Research points to eight relatively simple habits that could add decades to your life depending on when you adopt them.
As the saying goes “an apple a day keeps the doctor away.” With the expense and error associated with some medical care—incorporating healthy habits may increase your lifespan—and your quality of life. New research gleaned from data from the Million Veteran Program (MVP) points to eight habits worth investigating.
The MVP is a program focused on the integration of health information and genetic sequencing. The program describes itself as the “largest genomic database linked to a health care system.” Researchers reviewed medical record data and questionnaires from 719,147 participants in the MVP between the years 2011 to 2019. Overall, participants ranged in age from 40 to 99. Of those, approximately 33,375 of the participants died during the term of the study.
The results of the study were recently presented at the annual meeting of the American Society for Nutrition held in Boston. Looking at the data, researchers evaluated health, lifestyle factors, and the impact of the timing in life when good lifestyle habits were adopted.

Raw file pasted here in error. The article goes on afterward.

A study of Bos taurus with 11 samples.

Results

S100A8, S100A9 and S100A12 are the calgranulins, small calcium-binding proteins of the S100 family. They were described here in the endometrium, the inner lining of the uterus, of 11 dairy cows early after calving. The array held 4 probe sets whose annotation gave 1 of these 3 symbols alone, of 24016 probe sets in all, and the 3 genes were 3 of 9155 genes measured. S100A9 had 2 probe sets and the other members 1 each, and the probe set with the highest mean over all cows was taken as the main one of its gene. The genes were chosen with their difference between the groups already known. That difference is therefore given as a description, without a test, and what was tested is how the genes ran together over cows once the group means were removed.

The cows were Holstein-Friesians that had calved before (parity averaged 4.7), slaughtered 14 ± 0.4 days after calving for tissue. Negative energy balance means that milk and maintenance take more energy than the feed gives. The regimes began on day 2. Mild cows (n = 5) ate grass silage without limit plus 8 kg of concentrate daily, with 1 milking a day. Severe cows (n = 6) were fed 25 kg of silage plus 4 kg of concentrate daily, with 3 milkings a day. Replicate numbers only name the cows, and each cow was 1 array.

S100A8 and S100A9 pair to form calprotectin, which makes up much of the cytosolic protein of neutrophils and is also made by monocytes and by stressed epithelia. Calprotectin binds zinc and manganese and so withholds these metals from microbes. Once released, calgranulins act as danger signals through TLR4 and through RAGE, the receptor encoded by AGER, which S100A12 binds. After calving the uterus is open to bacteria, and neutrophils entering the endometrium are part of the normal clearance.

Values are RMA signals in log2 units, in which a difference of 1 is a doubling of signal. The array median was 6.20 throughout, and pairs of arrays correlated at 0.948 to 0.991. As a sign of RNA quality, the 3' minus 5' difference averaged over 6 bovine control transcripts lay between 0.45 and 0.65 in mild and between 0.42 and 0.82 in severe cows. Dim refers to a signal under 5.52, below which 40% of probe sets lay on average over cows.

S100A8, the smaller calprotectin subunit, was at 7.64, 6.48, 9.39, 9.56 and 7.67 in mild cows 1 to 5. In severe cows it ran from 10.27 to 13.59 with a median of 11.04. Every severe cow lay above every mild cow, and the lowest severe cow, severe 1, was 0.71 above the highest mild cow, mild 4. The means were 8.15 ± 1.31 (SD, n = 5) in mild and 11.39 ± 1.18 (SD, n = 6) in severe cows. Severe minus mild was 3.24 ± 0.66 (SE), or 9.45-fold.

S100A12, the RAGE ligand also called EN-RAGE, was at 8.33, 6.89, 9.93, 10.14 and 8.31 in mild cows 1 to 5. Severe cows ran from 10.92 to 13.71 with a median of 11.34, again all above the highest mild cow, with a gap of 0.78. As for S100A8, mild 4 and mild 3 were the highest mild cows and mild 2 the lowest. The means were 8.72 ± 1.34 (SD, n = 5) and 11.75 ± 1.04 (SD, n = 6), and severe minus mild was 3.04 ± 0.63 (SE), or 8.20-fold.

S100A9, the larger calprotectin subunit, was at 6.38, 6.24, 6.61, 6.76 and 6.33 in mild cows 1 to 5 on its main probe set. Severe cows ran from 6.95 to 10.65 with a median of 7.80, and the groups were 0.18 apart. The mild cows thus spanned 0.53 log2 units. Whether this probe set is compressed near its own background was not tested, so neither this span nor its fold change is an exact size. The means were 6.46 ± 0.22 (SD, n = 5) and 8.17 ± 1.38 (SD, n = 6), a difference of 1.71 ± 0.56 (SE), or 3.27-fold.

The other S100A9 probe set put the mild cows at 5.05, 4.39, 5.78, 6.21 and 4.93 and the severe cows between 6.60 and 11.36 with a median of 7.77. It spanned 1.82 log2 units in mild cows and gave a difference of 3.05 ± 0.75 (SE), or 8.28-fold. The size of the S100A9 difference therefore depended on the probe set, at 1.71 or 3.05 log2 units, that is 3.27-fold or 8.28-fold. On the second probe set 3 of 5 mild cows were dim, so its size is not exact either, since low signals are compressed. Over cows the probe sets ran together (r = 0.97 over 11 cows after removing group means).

Noted researcher Xuan-Mai T. Nguyen, a health science specialist at the Department of Veterans Affairs, “We were really surprised by just how much could be gained with the adoption of one, two, three, or all eight lifestyle factors. Our research findings suggest that adopting a healthy lifestyle is important for both public health and personal wellness. The earlier the better, but even if you only make a small change in your 40s, 50s, or 60s, it still is beneficial.”
The eight lifestyle habits identified in the study are straightforward and include:
- Maintain physical activity
- Refrain from regular binge drinking
- Follow good sleep hygiene
- Enjoy positive social relationships
- Avoid opioid addiction
- Manage stress
- Do not smoke
- Follow a good diet
The study found that men who had all eight habits at age 40 could be predicted to live 24 years longer than men who did not keep these habits. For women, that number would be 21 additional years of life than women who did not pursue these habits.
In reaching these findings, study authors adjusted for age, body mass, race, ethnicity, sex, marital status, family income and education level. Overall, following these eight habits led to an overall 87 percent relative decrease in all-cause mortality. That said, this was an observational study and does not prove these habits will lead to longer life in everyone. Still? It is food for thought.